April 22, 1998 |
Competition for Southern California's lucrative home-improvement market got fiercer Tuesday with the announcement that a North Carolina-based home-and-garden chain plans to expand into the region by late 1999. The proposed move by Lowe's Home Improvement Warehouse is part of a $1.5-billion push to open 100 stores in California, Arizona and Nevada--most of them in the Southland--by 2003. Lowe's said it plans to open the first expansion store in late 1999 in Southern California.
March 17, 1992 |
The owner of California Homes and Lifestyles magazine has unexpectedly fired the magazine's staff and sold the publication to a group of South County investors for an undisclosed sum, the new owner said Monday. The magazine's former owner, Magazine Publishing Co. of Van Nuys, has been beset in recent years by problems, including lawsuits, interoffice disputes and a controversial name change for the magazine. Mark Adams, head of M.A.
February 16, 1999 |
Lowe's Cos. today will announce plans to break ground next month on three Southern California home-improvement stores, the first of at least 50 planned in the region during the next three years. The move launches the next big battle in Lowe's nationwide retail war with the home-and-garden supply leader, Home Depot. Lowe's said it will build its first three stores in Long Beach, Rancho Cucamonga and Temecula, with plans to open those stores before Christmas.
October 2, 2011 |
Would you pay $51 to get a $1,699 stainless-steel refrigerator when you buy a house from a major builder in Tampa, Fla.? How about paying $30 to receive $1,000 cash back at closing when you purchase a home through Prudential Carolina Sun Real Estate in Charleston, S.C.? Or $48 for $1,200 toward the design and installation of solar panels in Metairie, La.? All of these are real-life examples of group coupons offered through HouseTipper, a collective buying platform aimed at the housing and home-and-garden sectors.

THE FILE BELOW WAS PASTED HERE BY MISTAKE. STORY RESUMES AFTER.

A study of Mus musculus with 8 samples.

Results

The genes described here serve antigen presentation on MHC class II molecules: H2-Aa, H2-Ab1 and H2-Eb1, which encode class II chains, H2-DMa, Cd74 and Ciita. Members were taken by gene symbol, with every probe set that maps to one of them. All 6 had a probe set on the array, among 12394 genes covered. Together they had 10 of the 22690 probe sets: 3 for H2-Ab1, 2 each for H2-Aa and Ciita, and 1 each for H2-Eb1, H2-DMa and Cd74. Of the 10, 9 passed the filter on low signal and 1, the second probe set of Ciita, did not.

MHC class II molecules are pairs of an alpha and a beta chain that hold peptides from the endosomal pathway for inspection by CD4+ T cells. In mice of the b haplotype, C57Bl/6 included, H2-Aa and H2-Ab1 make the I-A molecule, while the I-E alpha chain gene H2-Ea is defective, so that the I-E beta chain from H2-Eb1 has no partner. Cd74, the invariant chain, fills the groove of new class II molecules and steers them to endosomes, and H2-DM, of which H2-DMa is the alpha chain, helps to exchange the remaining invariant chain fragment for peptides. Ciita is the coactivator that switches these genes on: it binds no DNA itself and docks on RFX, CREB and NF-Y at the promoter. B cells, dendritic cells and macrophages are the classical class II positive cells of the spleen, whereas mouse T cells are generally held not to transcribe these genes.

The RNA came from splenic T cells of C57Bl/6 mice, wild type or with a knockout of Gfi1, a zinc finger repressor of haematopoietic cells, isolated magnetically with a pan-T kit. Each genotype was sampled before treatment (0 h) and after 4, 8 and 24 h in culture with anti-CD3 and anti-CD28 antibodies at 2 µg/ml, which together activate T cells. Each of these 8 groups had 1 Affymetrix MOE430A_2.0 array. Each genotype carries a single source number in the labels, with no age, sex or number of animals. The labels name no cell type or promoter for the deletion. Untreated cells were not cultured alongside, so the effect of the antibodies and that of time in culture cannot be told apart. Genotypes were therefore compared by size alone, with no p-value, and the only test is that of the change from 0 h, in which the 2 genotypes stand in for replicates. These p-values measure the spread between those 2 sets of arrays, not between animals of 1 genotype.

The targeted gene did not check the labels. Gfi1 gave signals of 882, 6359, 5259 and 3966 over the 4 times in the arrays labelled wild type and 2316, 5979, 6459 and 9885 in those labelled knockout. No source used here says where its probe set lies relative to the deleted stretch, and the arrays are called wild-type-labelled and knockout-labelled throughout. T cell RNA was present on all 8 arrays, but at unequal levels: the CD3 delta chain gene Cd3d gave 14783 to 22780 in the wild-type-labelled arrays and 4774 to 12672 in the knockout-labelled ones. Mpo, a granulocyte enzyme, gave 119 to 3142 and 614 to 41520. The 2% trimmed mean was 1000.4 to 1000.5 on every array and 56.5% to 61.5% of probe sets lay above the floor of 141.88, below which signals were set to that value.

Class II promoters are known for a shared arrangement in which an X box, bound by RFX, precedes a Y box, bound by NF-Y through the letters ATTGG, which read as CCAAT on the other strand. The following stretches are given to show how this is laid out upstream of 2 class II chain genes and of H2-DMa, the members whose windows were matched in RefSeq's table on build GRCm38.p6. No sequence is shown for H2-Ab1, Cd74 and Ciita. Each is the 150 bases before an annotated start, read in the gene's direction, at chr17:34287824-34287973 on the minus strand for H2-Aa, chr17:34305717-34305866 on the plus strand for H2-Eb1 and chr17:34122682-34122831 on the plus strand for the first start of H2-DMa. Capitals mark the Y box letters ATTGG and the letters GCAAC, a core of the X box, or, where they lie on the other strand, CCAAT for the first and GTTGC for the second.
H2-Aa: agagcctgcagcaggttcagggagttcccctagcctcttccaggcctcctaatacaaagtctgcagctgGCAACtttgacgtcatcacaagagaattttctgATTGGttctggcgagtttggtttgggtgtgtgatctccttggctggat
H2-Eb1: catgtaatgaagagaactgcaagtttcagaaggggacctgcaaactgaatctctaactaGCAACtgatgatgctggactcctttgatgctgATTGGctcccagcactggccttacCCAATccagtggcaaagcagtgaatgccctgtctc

CALIFORNIA | LOCAL
April 9, 1999 |
Not certain that life was worth living before antibiotics and the clothes dryer, I'm the kind of woman who thinks a new dishwasher is a more romantic gift than long-stemmed roses. That world view was reinforced recently when I drove to Tujunga to check out an exhibit at the Bolton Hall Museum on "A Woman's Life in Early Sunland-Tujunga." There to greet me was Mary Lou Pozzo, librarian and former president of the Little Landers Historical Society.
CALIFORNIA | LOCAL
March 25, 1996 |
The arrival of spring stirs the passions of John Lenanton, who for 26 years has guided the horticulture program at Orange Coast College. But with spring come mixed emotions for the British-born plant expert, who believes the English reverence for things that grow has been hard to instill in the "mow, blow and go" culture of Orange County.
HOME & GARDEN
August 24, 1991 |
It must be possible to become a trade show junkie, in much the same way TV addicts are drawn irresistibly to the Home Shopping Network, but you'll need a good pair of walking shoes and the sort of laissez-faire world view that allows for encounters with people like the bug exterminator with the free taffy.
HOME & GARDEN
August 5, 2004
Is it a lamp or a bench? Or maybe a big-honking plastic golf club? Designer Ross Lovegrove's bench-lamp looks like all three. Dubbed the BdLove Lamp, it was originally designed as a series of works for public spaces. The plastic bench, which comfortably seats two, features a tall, needle-shaped light that is bound to be a conversation piece for any backyard. Priced at $1,874, it is available in beige, white, green and blue. It comes with a one-year warranty on the fixture.
July 22, 1994 |
Summer in the San Fernando Valley might be ideal for pool hopping, mall crawling or frying an egg on the sidewalk, but it's murder on the average fuchsia. As the mercury ticks past 90 and the Santa Anas start ripping, local gardens can literally dry up and blow away if nobody's watching. Hot-weather garden vigilance often means more watering and more mulching, as well as introducing shade where it's needed to cool things down.